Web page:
Tumorigenesis is the process involved in the production of a new tumor or tumors.
Cancer starts when key cellular signals run amok, driving uncontrolled cell growth. But scientists at the Stanford University School of Medicine report that lowering levels of one cancer signal under a specific threshold reverses this process in mice, returning tumor cells to their normal, healthy state. The finding could help target cancer chemotherapy to tumors while minimizing side effects for the body's healthy cells.
The molecular profile of cancer stem cells that initiate metastatic colon tumors is significantly different from those responsible for primary tumors, according to new research from a team at Weill Cornell Medical College.
In a collaborative effort, researchers from Boston University School of Medicine (BUSM) have discovered that deletions or mutations within the TFAP2A gene (Activating Enhancer-Binding Protein) result in the distinctive clefting disorder Branchio-Oculo-Facial syndrome (BOFS).
In a discovery that could lead to the development of new treatments for gastric cancer, scientists at the Melbourne Branch of the international Ludwig Institute for Cancer Research (LICR) have discovered what appears to be the primary driver of tumor development in the stomach.
Using a common virus as a tool for investigating abnormal cell proliferation, a team led by scientists at Cold Spring Harbor Laboratory (CSHL) has succeeded in clarifying an intricate series of biochemical steps that shed light on a way that cancer can begin.
Tapping into a growing body of knowledge about the origins and progression of cancer, researchers are now developing and testing new preventive therapies to stop it in its tracks.
Researchers at the National Sun Yat-Sen University and Kaohsiung Medical University, Kaohsiung, Taiwan have revealed a new mechanism by which nonsteroidal anti-inflammatory drugs (NSAIDs) attenuate tumor invasion and metastasis.
In a G&D paper published online ahead of its April 1 print publication date, Dr. William Kaelin (Dana Farber Cancer Institute) and colleagues identify a potential new neuronal tumor suppressor.
A new study provides valuable insight into a previously undescribed mechanism that regulates a prominent cancer-associated protein.
Preliminary research has found an association between certain microRNA expression patterns and poor survival and treatment outcomes for colon cancer, according to a study in the January 30 issue of JAMA: The Journal of the American Medical Association.
Like fine china and crystal, which tend to be used sparingly, stem cells divide infrequently.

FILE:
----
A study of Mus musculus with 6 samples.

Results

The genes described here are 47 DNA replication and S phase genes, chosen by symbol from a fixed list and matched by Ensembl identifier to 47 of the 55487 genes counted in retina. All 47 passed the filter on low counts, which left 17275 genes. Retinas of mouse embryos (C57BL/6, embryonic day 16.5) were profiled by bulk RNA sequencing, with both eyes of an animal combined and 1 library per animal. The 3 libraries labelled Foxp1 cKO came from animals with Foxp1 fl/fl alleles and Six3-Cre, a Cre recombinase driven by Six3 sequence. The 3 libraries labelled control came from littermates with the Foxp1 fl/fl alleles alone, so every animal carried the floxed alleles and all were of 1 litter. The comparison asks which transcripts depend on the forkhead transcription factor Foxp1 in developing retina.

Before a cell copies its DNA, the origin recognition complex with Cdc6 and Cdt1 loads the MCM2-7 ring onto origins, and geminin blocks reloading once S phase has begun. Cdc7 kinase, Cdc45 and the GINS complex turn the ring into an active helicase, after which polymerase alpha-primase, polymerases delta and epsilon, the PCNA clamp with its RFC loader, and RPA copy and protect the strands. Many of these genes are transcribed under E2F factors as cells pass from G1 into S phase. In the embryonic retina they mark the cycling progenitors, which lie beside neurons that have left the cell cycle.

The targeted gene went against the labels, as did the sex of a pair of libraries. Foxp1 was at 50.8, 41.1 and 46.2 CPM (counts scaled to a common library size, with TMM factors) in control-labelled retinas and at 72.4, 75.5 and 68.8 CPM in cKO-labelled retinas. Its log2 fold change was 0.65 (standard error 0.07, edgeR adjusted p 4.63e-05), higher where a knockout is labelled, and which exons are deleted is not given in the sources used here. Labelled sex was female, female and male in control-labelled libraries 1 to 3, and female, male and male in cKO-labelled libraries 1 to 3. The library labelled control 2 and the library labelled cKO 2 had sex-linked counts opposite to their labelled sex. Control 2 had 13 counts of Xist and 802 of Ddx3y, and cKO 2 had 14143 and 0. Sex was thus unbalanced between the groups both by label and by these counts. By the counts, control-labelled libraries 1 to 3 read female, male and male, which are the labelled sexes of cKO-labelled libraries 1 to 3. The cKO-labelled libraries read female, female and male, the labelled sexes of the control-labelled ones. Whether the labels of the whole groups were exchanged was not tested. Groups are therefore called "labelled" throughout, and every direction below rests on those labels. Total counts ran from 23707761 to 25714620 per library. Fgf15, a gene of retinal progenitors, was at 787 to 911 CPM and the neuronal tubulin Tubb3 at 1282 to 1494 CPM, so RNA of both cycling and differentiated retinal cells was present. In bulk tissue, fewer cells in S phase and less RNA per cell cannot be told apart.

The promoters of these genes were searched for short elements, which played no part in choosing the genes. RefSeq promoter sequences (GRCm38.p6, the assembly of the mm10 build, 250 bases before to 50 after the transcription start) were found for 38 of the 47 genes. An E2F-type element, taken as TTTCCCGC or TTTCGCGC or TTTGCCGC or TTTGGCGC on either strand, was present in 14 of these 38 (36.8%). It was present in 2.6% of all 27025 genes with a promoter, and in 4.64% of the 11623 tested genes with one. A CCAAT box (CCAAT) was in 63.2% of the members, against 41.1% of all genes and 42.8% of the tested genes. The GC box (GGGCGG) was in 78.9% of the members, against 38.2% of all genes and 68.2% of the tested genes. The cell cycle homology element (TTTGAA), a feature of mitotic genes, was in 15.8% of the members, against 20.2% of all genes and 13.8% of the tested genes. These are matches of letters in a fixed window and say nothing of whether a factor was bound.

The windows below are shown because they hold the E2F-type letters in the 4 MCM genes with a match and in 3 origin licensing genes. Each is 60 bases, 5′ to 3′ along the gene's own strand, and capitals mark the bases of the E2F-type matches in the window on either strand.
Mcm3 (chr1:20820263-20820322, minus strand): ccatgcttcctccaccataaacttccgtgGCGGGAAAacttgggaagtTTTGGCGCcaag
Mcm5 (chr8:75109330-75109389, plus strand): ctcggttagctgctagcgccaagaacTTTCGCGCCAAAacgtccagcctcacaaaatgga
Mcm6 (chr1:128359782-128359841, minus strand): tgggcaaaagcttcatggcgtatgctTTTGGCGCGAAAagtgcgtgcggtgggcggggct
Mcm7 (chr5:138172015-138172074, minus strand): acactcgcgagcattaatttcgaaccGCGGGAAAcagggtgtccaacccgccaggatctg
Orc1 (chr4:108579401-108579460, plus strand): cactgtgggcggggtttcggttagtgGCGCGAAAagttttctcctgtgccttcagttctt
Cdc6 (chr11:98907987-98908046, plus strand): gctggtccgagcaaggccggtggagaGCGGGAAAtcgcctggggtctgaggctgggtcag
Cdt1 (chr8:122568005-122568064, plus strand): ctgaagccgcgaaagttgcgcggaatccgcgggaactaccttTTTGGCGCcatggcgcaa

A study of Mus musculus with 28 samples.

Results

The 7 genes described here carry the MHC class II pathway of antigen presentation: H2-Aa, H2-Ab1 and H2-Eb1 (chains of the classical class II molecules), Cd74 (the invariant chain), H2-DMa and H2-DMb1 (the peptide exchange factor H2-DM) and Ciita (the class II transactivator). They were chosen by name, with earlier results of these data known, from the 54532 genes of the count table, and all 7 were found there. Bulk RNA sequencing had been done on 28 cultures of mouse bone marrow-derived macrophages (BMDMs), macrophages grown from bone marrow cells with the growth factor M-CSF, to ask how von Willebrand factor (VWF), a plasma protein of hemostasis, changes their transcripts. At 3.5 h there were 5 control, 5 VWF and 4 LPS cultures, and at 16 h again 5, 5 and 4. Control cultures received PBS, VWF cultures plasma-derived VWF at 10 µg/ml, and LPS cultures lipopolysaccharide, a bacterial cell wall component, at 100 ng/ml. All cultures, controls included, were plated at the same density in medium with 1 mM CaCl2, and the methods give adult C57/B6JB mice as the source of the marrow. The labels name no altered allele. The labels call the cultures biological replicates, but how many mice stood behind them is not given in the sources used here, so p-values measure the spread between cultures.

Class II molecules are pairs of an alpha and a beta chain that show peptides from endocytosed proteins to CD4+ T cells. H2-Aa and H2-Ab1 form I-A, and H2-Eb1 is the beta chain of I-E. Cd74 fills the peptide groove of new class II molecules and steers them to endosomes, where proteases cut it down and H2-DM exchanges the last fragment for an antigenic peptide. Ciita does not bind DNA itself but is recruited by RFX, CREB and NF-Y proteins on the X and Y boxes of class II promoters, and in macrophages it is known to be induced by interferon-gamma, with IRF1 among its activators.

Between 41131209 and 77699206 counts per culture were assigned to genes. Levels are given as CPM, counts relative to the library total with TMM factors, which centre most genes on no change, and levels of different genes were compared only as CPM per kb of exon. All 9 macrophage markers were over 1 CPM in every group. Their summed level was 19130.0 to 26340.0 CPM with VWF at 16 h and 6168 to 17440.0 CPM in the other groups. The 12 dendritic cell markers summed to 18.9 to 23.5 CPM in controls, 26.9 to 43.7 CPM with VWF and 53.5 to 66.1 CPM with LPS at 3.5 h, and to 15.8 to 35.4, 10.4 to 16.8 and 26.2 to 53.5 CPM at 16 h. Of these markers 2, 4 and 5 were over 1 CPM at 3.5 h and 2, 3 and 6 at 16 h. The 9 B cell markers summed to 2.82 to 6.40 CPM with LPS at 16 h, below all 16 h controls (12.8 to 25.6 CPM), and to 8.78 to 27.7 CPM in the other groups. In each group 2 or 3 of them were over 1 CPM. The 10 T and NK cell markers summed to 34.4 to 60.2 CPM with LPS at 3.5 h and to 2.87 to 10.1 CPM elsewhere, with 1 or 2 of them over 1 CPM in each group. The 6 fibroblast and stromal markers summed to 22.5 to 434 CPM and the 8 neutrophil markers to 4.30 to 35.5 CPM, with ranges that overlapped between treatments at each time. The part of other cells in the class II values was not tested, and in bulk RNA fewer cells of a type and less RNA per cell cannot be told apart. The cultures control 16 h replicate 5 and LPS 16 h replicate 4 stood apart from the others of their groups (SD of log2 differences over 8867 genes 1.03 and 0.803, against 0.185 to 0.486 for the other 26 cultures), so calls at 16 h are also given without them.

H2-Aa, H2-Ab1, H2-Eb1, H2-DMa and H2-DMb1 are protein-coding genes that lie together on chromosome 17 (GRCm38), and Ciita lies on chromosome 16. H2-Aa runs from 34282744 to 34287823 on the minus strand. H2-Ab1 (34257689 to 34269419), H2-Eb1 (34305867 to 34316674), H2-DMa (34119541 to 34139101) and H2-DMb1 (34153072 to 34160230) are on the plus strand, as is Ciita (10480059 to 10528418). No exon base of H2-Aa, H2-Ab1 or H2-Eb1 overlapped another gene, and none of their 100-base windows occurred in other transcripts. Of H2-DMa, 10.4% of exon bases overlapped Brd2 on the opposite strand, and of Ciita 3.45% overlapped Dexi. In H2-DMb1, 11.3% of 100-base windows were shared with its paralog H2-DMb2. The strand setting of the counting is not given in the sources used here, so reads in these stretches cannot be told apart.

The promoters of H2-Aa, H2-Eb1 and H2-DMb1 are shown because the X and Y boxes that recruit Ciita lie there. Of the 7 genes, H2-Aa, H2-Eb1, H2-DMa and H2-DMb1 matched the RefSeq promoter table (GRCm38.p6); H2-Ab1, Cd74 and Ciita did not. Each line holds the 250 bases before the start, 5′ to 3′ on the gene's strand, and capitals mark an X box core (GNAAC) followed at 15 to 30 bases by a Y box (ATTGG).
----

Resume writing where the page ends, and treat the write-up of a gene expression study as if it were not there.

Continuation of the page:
Scientists report that an evolutionarily conserved transcription factor may have both positive and negative effects on the growth of tumors, depending on whether or not the tumor cells have enough oxygen.
Two independent papers in the December 1st issue of G&D detail how human RecQ helicases regulate homologous recombination and protect genome stability.
Researchers at the University of Texas M. D. Anderson Cancer Center have found a protein that enables cellular survival during periods of low oxygen, or hypoxia, which also is key for development of many kinds of cancer.
A stem cells' immediate neighborhood, a specialized environment also known as the stem cell niche, provides crucial support needed for stem cell maintenance.
Kaposi's sarcoma herpesvirus (KSHV) is a human tumor virus and an etiological agent for Kaposi's sarcoma (KS).
A new study provides evidence that noncoding RNAs and interactions between noncoding genes play a much greater role in human cancer than was previously understood.
In an upcoming Genes & Development paper, Dr. Christopher Counter and colleagues at the Duke University Medical Center have identified IL6 as a new target in the battle against Ras-induced cancers.
PLoS ONE has just published a study which defines a gene locus on chromosome 1 that predicts prognosis of brain tumor patients and may even set the basis for the development of more efficient drugs to combat brain cancer.
When the activity of individual genes it is longer required, there are two main mechanisms responsible for the “switching off”, mainly DNA methylation and the Polycomb protein complex. Sometimes, these mechanisms lose their efficiency and some of the genes that should be "switched off" remain active.